Extension center educators, unit educators, and unit assistants in northern, west-central, east-central, and southern Illinois prepare regional reports to provide more localized insight into pest situations and crop conditions in Illinois. The reports will keep you up to date on situations in field and forage crops as they develop throughout the season. The regions have been defined broadly to include the agricultural statistics districts as designated by the Illinois Agricultural Statistics Service, with slight modifications:
- North (Northwest and Northeast districts, plus Stark and Marshall counties)
- West-central (West and West Southwest districts, and Peoria, Woodford, Tazewell, Mason, Menard, and Logan counties from the Central district)
- East-central (East and East Southeast districts [except Marion, Clay, Richland, and Lawrence counties], McLean, DeWitt, and Macon counties from the Central district)
- South (Southwest and Southeast districts, and Marion, Clay, Richland, and Lawrence counties from the East Southeast district)
We hope these reports will provide additional benefits for staying current as the season progresses.
Planting had been going full speed until the widespread precipitation on April 29 and 30. Corn planting estimates range from 20% complete in the far northwest Illinois counties to 70%-plus complete in many areas of the region. Some producers started planting soybeans late last week.
Even though the rainfall on April 29 and 30 halted field operations in many areas, the moisture was welcome because the soil was dry.
The winter wheat crop appears to be in good to excellent condition. Numerous oat fields emerged last week.
Continuing bands of storm fronts are keeping soils saturated, with ponding occurring in some areas. Little additional fieldwork was accomplished during the past week. Corn planted 2 to 3 weeks ago is now emerging and would benefit from sunshine and drier soils in order to green up.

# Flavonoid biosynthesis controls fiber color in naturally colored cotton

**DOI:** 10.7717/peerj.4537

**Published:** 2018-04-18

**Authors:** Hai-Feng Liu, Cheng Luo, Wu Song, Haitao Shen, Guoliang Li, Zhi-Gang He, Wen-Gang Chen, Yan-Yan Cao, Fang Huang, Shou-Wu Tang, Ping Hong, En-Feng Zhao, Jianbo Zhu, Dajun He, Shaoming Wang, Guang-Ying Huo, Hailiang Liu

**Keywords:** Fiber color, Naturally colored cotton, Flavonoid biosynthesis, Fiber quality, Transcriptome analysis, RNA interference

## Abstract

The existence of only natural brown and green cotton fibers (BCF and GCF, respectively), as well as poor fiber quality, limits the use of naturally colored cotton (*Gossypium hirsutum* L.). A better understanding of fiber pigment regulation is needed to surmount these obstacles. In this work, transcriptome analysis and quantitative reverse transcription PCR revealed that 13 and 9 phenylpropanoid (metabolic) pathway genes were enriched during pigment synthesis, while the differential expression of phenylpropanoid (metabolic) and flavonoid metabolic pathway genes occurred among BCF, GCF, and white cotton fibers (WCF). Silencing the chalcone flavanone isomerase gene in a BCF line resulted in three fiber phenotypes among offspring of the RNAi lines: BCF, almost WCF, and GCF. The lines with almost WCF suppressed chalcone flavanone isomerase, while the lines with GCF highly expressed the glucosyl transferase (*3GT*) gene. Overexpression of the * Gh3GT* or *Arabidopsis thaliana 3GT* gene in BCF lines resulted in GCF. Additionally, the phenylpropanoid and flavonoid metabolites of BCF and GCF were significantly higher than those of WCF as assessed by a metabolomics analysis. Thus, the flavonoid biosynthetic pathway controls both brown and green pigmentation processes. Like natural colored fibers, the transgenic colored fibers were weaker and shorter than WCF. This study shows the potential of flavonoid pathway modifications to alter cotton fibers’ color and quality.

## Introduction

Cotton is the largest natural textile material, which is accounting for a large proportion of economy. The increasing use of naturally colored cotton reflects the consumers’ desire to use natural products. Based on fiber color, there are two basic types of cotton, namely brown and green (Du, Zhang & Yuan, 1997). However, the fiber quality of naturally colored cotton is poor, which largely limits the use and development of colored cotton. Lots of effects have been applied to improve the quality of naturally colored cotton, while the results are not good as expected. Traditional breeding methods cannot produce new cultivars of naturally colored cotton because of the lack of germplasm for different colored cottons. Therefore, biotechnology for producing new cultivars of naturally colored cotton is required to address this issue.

Wheat is at or approaching boot stage in most areas and looks good. Some foliar diseases are beginning to show on lower leaves because of the extended cool, wet weather.
Some alfalfa fields are still being sprayed for weevil control. According to PEAQ data being collected, alfalfa is ready to harvest in the southernmost counties and is approaching harvest readiness by the first week of May along the I-70 corridor. Alfalfa growers will have to weigh the need to cut now for highest quality versus the potential damage to plant crowns that may be caused by wheel traffic on wet soils. Detailed information on alfalfa maturity development can be found on the Illini PEAQ Web site at http://peaq.outreach.uiuc.edu/.
Ron Hines, at Dixon Springs, reported intense captures of black cutworm moths at three of his four trap sites during the period of April 24-26, with the highest numbers of captures in Pulaski and Massac counties. According to average heat unit accumulations during the past 10 years, we should obtain about 300 base 50°F heat units around May 14-15 after this flight. The April 7 intense flight of black cutworm moths should be at the 300 heat unit stage of development this week.
Rain showers toward the end of last week left many fields too wet to work. In some areas, producers got back into the fields late last weekend only to be rained out again on Monday. Most areas are beginning to catch up on cumulative precipitation for the year, but despite recent rains, some tile lines have yet to flow, indicating that subsoil moisture may not yet be recharged.
Local estimates indicate that corn planting is about 60 to 70% complete. In some localized areas south of Springfield, corn planting is complete. However, less than a third of the crop has been planted in Adams County. We have received reports that some soybeans have been planted in Sangamon and Hancock counties.
Alfalfa is growing very rapidly with the recent rains and warm weather. Many established stands are 15 to 20 inches in height and are approaching optimal quality.
Insect pests are beginning to make their presence known. Intense captures of cutworm moths continue to be observed. Reports of black cutworm and flea beetle feeding on 1- to 2-leaf corn have been received from fields in Adams County. Agronomists in Hancock and McDonough counties have reported that a number of wireworms can be found in many cornfields. Alfalfa weevil has yet to be a problem, but producers are still encouraged to be vigilant in their scouting efforts.